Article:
Coastal Conservation

More than 40,000 Call for Protecting Paradise in the Florida Keys National Marine Sanctuary

You used your voice to protect birds and the places they need in South Florida.

In a comment period that will help determine the fate of the continental U.S.’s only barrier reef, pro-conservation voices delivered more than 40,000 comments urging managers of Florida Keys National Marine Sanctuary (FKMNS) to prioritize the health of ocean life and ocean ecosystems. The comments were submitted in response to the latest iteration of the "Restoration Blueprint," FKNMS’s newly proposed regulations and accompanying management plan, put forward by Sanctuary managers to address mounting challenges facing this critical ecosystem. 

From our iconic waterbirds to vibrant reefs and seagrass meadows, the Keys way of life is built on the health of our aquatic resources. This vulnerable paradise is more threatened than ever before by climate change, coral disease, and overuse. The solution is the important new protections codified in the Restoration Blueprint for the Florida Keys National Marine Sanctuary,” says Jerry Lorenz, PhD, Audubon Florida’s State Research Director and 24-year FKNMS Advisory Council member, on behalf of the Florida Keys Restoration Partnership. The response from the public has been overwhelming and clear: Americans across the country care deeply about this special place and its natural resources, and believe these common-sense protections are urgently needed.” 

The Sanctuary, which is jointly managed by the National Oceanic and Atmospheric Administration (NOAA) and the State of Florida’s Department of Environmental Protection (FDEP), has been undergoing a management plan and zoning review since 2019, following a 2011 report that concluded habitats and ocean life in the continental United States’ only barrier reef were in fair to poor condition  a situation that has only worsened in recent years.  

The Florida Keys Restoration Partnership, a coalition of local, state, and national organizations and individuals committed to the protection and restoration of the Sanctuary, supported a number of the changes proposed by Sanctuary staff while urging greater action to protect larger parts of the ecosystem, as well as to increase protections for the Sanctuary’s shallow-water habitats. This regional coalition received support from more than 50 environmental NGOs. The Sanctuary also heard from dozens of student and youth-serving organizations highlighting the need to keep the Keys ecosystems safe for future generations.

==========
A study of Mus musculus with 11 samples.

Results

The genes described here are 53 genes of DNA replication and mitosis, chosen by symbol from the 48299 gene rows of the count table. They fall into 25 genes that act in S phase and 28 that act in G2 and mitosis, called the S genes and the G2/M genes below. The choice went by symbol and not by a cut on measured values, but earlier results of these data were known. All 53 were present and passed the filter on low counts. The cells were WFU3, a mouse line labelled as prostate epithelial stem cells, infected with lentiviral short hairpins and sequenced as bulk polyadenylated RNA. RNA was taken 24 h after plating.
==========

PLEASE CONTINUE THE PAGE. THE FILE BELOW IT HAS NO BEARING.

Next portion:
In addition to written comments (including 1,200+ submitted by Audubon members), faith leaders, students, scientists, and members of South Florida communities weighed in with Sanctuary officials during four oral public comment opportunities, and at a multilingual virtual event organized by Sachamama and hosted by ten local Ocean Ambassadors, which engaged more than 350 community members to take action and 130 to join the event. 

“In this public comment period, I feel so happy to have raised my voice to request these sacred ecosystems to be protected and for my community to be able to experience them. I ask all the officials to please take action, we cannot wait any longer.”  - Claudia Quiñones, Sachamama Community Leader & Ocean Ambassador  *Quote Translated from Latin American Spanish 

The FKNMS is an ecological gem and national treasure for all Americans. It protects almost 3,800 square miles of marine resources and is home to one of the largest barrier reefs in the world, extensive seagrass meadows, mangrove forests, and thousands of species of marine life. The FKNMS shares ecosystem connectivity with Everglades, Biscayne, and Dry Tortugas national parks and other protected areas, enhancing biodiversity and marine wildlife habitat along the Florida reef tract. It is also an important economic driver in the Florida Keys, supporting about 43,000 jobs and contributing an estimated $4.4 billion annually to Florida’s economy. But in the last 25 years, coral cover has declined by half; thousands of acres of seagrass have been damaged by propeller scars and poor water quality; and spawning aggregations for multiple fish species are diminished or have disappeared.  

"As a Recreational Dive Instructor in the Florida Keys, the protection of the Sanctuary is crucial to not only the future of the snorkel and dive tourism industry, but also the future of the environment itself,” says Katie Cleek, Secretary of Surfrider Foundation’s Florida Keys Chapter. “The ability to educate people while they simultaneously have the opportunity to experience the amazing underwater environment creates advocates for the future of the coral reefs all over the world. Without the protection of the Sanctuary, we risk losing the opportunity to educate and spark passion for environmental advocates for future generations to come." 

Audubon has worked for more than a century to protect and restore America's Everglades.